Taking stock

Eagle-eyed readers of this blog will have noticed that my original 18 months in DC are nearly up. However, we’ve enjoyed our time in the States so much that we’re trying to get a new visa so we can stay a bit longer. I’ll attempt to write about our visa saga soon, when I might know more. Whatever happens, we’ll have a four week grace period, after the 18-month work placement, in which we can travel and say our goodbyes. But, as I was flying back to DC from a trip to California (also to be written about soon!) I started taking stock of a few things.


Back when I was in the midst of ex-pat culture shock I wrote lists of everything I hated about living in DC and about living in America (I later wrote one about the things that I liked). So, as I’m staring down the barrel of possible repatriation culture shock, I thought I’d write a few more lists: about what I would miss about America if we really have to leave soon, what I am looking forward to about possibly returning to London and the UK, and things that I’ve learnt about myself since moving to America.

Things I’d miss about America

  1. Diners. This one is linked to my second:
  2. Brunch. I’ve written before about my love of American brunch. Since our first experiences we’ve also sampled boozy brunches with friends, amazing home-made pop tarts at the DC institution that is Ted’s Bulletin, and a lot more Mexican themed brunch dishes. My waist-line will probably not miss this.
  3. Climate. I know I have complained about this on numerous occasions (for example, here), but I really like how in DC I don’t have to worry about a coat or even really a cardigan for about 7 months of the year. I’ve also just visited California, and their climate makes me wonder why we don’t all just move there.
  4. Variety of states to visit. There’s so much to see! I’ve visited I think 10 states in my 18 months here, which means there are 40 I haven’t had a chance to see yet. I can make a decent stab at improving this situation during our grace period, but I have enough places on my to-visit list to fill at least five different holidays.
  5. Attitude. I didn’t realize how British negativity can get you down, until I was freed of it. There’s just an assumption over here that people will be friendly, open and confident. And because this was expected of me, I found that after a few months I was friendly, open and confident – or at least a lot more than I used to be.
  6. Wine. Ok, I know we have this in Europe. Pretty good wine too. But I’d just been wine tasting in Sonoma, so it was on my mind.
  7. Fitness culture. People who knew me a long time ago will be surprised at this one. But I have found that it’s a lot easier to start running outside when everyone else is doing it.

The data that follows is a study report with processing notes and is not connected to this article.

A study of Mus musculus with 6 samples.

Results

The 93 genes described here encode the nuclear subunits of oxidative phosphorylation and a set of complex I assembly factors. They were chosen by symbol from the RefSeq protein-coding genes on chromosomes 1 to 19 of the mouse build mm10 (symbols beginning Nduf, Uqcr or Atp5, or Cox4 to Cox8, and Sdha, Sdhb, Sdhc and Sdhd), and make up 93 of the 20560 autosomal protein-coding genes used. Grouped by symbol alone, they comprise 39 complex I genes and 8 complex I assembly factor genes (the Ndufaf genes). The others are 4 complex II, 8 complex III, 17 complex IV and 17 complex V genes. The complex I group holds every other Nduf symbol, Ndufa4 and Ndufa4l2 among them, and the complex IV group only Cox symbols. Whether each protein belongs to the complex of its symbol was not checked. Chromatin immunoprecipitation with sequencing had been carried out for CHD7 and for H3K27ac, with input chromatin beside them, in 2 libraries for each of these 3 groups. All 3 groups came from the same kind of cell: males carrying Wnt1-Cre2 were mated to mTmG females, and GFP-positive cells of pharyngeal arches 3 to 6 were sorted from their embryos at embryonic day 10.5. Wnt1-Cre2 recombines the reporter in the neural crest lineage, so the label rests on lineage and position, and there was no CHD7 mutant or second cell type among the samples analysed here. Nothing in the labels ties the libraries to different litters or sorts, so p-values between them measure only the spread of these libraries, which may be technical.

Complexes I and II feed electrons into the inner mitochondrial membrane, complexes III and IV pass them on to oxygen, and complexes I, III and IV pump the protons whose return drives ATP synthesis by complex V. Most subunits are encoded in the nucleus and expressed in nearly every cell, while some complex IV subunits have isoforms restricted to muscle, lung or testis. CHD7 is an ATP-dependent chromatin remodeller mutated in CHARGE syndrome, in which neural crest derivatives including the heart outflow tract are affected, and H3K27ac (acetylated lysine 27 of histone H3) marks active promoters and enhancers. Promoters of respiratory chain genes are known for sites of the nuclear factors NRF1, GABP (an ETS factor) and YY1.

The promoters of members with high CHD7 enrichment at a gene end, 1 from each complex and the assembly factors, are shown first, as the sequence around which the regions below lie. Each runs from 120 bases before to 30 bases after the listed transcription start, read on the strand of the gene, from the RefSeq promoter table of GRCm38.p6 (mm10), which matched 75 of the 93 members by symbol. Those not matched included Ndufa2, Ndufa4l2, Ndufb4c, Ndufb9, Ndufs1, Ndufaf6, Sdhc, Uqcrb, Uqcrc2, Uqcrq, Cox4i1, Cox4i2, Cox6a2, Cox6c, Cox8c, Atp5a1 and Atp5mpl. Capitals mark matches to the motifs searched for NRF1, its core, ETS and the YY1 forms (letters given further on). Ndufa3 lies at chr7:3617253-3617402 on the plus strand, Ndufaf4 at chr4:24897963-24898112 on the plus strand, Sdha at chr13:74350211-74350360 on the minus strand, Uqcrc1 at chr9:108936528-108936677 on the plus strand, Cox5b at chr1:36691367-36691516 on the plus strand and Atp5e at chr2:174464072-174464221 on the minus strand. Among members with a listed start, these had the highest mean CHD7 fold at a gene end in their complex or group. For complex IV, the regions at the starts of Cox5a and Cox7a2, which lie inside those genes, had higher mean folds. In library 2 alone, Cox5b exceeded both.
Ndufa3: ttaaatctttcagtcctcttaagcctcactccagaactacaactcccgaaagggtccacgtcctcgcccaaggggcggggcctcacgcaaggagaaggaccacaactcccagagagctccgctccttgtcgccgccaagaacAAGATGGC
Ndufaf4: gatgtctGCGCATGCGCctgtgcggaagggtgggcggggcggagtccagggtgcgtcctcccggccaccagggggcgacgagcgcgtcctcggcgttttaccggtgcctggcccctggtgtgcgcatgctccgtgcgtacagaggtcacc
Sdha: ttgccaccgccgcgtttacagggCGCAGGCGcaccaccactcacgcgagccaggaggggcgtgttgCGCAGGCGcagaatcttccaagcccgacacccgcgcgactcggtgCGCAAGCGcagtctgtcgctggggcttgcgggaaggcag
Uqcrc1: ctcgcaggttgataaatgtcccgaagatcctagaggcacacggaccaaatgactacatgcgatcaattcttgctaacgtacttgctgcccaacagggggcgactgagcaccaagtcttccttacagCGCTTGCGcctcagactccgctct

8. The ease of everything. This is always what R and I say about America: stuff is just easy. Apart from the bureaucracy of tax, health insurance etc., things like going out and enjoying yourself, in terms of booking, or putting your name on a list, or there just being room, just seem a lot easier over here.

Things I’m looking forward to about London/UK

  1. Knowing my way around. I love traversing London using the network of buses and tubes.
  2. M&S and Waitrose. I do miss their ready-meals and snacks.
  3. Cantonese food. I wrote recently about how hard it’s been finding the kind of Chinese food that I’m used to. I have cravings for prawn crackers and chicken chow mein in gravy.
  4. UK Holidays… in Yorkshire or Devon or the Lakes, or Wales. While it’s a small country the UK certainly has its own wealth of landscapes. I’ve been vicariously enjoying other ex-pats’ adventures in my home country (such as Amanda Afield’s adventures in Wales which made me very homesick!).
  5. Being close to Europe. I really didn’t take advantage of this enough while I was in the UK.
  6. Culture. DC does have theater and I do like the Kennedy Center, but I haven’t been able to work out how to get cheap tickets to reliably good things yet. I miss the English National Opera and National Theatre’s deals.
  7. Friends and family. Obviously.
  8. Humour. And British spelling.

That second list was hard, as I was trying to write it while flying over the Grand Canyon… It’s a bit difficult for the UK to compete with that.

Things I’ve learnt about myself  since moving to America

  1. I actually quite like patriotism and earnestness. In moderation.
  2. I can get along with most people – and I’ve met a lot of very different people.
  3. I love road trips. Though, as we’ve only really done one proper road trip, this might just have been the novelty. We’re planning to take a couple of weeks of our grace period and drive out West, that should be the real test.
  4. I really like motels/American hotels. This is partly because of the ease and friendliness of all my experiences so far.
  5. Traveling doesn’t have to be a big deal/stressful for me. I used to be a terrible traveler, stressing about a few hours’ train journey. Now that I’ve driven with R for days in the South and traveled on my own to conferences in cities I’d never heard of – and enjoyed these experiences – I’m a far more confident traveler. And finally…
  6. I can run! The fitness culture of DC, the easily available sports gear, and the variety of trails/courses to run have turned me into a runner (at least when it’s not too humid).

  1. what a great list! I hope you get to enjoy the U.S. a bit more, and with any luck this will give you a new appreciation for home and then chapter 2 of your blog… adventures across Europe!